May 5th, 2009 · 53 Comments

City council only made it through about half of the 20 speakers who showed up this morning to voice their opinions on the proposed Burrard Bridge bike-lane trial now up for councillors to decide on. (Decision: two lanes for bikes, one lane, do nothing or buy Hummers.)

From the look of the list, only Charles Gauthier of the Downtown Vancouver Business Improvement Association came out to express opposition, though — a sign of the times — even he described himself as a “recovering SOV driver.” His reasons were outlined in the letter I put up earlier. Gauthier, who knows a losing battle when he sees one, outlined his arguments, but also pushed for two changes: delay the trial until after the Olympics and do a study of the economic impact on downtown businesses, not just the traffic impact.

However, almost everyone else there argued that council should show “bold leadership” and go for the full two-lane option. I won’t go over the arguments why, as I think they’ve been pretty thoroughly canvassed in previous comments here. The one new bit I heard was from UBC prof Kay Teschke, who presented statistics from a study she’s been conducting, indicating the number and severity of cyclist accidents on the Burrard Bridge is significantly higher than on the Cambie or Granville bridges.

The other interesting part of the morning (and an hour of the afternoon) for those who didn’t watch, was Councillor Suzanne Anton’s several references to the “cycling lobby” that was out in force, very good at presenting their views, etc etc. That prompted Chris Keam of Friends of Burrard Bridge to say, when his turn to speak came, to identify himself ironically as part of the “insidious cycling lobby.”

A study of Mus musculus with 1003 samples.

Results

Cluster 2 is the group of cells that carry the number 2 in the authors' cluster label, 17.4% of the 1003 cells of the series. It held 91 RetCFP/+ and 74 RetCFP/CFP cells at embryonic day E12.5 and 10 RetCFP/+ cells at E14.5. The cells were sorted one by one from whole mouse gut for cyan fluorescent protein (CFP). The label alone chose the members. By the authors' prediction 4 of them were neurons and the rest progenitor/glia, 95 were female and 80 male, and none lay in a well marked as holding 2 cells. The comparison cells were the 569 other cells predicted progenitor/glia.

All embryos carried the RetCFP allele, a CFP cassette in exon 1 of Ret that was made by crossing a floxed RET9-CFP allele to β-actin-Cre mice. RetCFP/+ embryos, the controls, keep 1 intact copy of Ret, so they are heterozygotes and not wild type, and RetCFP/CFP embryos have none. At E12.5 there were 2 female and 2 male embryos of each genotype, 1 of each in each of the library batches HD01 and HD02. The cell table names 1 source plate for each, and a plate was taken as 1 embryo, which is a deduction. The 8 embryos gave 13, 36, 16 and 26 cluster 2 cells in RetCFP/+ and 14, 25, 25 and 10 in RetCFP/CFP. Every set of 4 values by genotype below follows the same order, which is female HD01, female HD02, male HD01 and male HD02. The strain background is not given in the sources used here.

I’m sure we’ll be hearing from the driving lobby soon, as the news that there’s going to be a trial starts to impinge on the general public’s consciousness. Unbelievable as it may seem, not everyone reads this blog and so they really are unaware this has been burbling away for months.

The rest of the speakers and council’s decision will continue Thursday afternoon.


    True leaders find a way to get people to see through the same lens and come to some sort of a concensus. Unanimity isn’t likely possible, but a strong sense that we are working towards the good of everyone can be achieved. That seems hard to come by around here.
    Today Vision councilors managed to piss off everyone. Motorists will be upset to lose a lane. Pedestrians will be upset to be banished to one sidewalk. (To cross and back requires crossing up to 23 lanes of traffic.) And that’s going to get everybody mad at the cyclists. Which is going to make the cyclists mad too. Today council voted for a lose-lose which will get everybody mad at them. The trial suddenly has much less chance of success. This was a wishy-washy decision that shows that Vision’s commitment to the “Greenest City” is just greenwash.

  • Len B


    New York and Copenhagen also have public transit systems that are light years better and ahead of ours.

    Let’s find a solution that works for Vancouver and our Canadian way of life.

    That means respecting all modes of transport and all segments of society.

  • Hi Len:

    Please illuminate me on this Canadian way of life and its big differences between lifestyles in America and Europe. I don’t see much difference between a city-dweller in Vancouver and one in any other city. I would especially like to know why their amazing successes with returning public space to pedestrians in urban areas aren’t possible here.